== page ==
LOW SEVERE THREAT-Spotty Friday Thundershowers

A few isolated thundershowers this evening...
Posted at 5:43 PM, Mar 15, 2019
and last updated 2019-03-15 17:54:43-04

Our first severe weather threat for central Maryland this season kicks off late Friday afternoon (3pm-10pm) as a powerful cold front plows our way. Out ahead of the front we have temperatures right around 70-75 degrees and dewpoint values punching 60 degrees to equal great storm fuel. There is also a bit of wind of aloft at airplane level 5,000ft off the ground which will be one of the main factors that drives storms today along with primary threat of damaging winds.

The potential for Friday's severe storms are somewhat dependent though on how much sunshine we can see during the first half of the day and the timing/placement of the front since the main energy feature is well into Canada. Of course the more sunshine means more storm fuel and a higher threat for severe storms come late afternoon/early evening. If the front arrives later and the clouds take over the impending threat could be reduced especially with limited moisture availability.

As of now the Storm Prediction has us in a "Marginal Risk" for severe weather. On a scale of 1 to 5 we are running about a 1 which simply means that we have a low end risk for severe weather with gusty winds as the predominant threat. Baltimore is sitting right on the fringe of the threat since most of the energy and wind shear look to sit just to our south over the Eastern Shore.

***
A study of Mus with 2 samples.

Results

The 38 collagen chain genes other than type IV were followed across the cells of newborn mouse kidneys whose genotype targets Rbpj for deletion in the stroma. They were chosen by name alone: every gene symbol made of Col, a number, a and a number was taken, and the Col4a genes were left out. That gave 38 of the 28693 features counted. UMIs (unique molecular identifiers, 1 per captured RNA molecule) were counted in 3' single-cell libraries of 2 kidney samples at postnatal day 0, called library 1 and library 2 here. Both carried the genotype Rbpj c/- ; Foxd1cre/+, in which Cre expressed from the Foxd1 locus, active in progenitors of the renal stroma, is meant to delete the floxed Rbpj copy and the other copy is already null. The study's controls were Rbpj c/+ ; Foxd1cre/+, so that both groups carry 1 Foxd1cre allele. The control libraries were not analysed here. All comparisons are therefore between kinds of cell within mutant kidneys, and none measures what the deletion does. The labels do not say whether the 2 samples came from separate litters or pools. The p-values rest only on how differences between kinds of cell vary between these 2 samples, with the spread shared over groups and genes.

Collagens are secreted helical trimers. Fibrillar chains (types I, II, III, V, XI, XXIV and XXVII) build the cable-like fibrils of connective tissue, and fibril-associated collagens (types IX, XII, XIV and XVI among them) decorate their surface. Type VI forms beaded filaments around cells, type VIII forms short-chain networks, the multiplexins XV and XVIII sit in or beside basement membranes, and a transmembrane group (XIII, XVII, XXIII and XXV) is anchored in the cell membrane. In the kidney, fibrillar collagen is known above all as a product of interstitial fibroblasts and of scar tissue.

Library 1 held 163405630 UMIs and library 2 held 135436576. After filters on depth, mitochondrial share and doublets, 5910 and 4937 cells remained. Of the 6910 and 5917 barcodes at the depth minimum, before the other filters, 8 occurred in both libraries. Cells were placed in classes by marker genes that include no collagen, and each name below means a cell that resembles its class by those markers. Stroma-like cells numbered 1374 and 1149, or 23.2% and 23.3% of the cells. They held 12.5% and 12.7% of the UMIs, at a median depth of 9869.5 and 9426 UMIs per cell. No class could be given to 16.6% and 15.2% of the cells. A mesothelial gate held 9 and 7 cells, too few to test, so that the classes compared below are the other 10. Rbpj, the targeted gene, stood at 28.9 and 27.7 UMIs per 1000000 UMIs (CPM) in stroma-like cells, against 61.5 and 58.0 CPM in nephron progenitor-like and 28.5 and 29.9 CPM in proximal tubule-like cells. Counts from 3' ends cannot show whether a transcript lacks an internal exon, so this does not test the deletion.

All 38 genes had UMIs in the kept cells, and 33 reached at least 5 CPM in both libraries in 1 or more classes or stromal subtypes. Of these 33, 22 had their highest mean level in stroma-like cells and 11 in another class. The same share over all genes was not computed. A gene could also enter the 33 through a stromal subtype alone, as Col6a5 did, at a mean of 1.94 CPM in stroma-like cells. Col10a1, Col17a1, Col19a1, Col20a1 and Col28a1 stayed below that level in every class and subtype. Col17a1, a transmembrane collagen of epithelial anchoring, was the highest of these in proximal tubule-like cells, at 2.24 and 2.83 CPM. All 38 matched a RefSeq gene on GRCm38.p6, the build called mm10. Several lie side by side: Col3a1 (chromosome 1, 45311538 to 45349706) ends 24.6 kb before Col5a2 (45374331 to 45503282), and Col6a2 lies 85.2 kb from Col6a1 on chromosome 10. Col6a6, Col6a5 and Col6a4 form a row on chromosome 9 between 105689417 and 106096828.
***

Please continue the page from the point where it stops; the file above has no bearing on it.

Storms should begin developing after 4pm and continue through at least 10-11pm in the evening. The best chance for strong to severe storms would be between the 5-8pm since this will be when most of the storm fuel will be available for the taking.

Winds at the surface will be coming in from the southwest, while the wind higher up comes in from the west. This leads to some extra lift and convergence in the atmosphere above precluding a damaging wind threat across the area. The best chance for this to happen looks to be over the Eastern Shore and down to the south toward Salisbury/Ocean City. With the the extra wind shear at the surface the tornado threat is non-zero for the areas mentioned above. A brief spin up cannot be ruled out but overall we are not looking at a widespread severe weather outlook.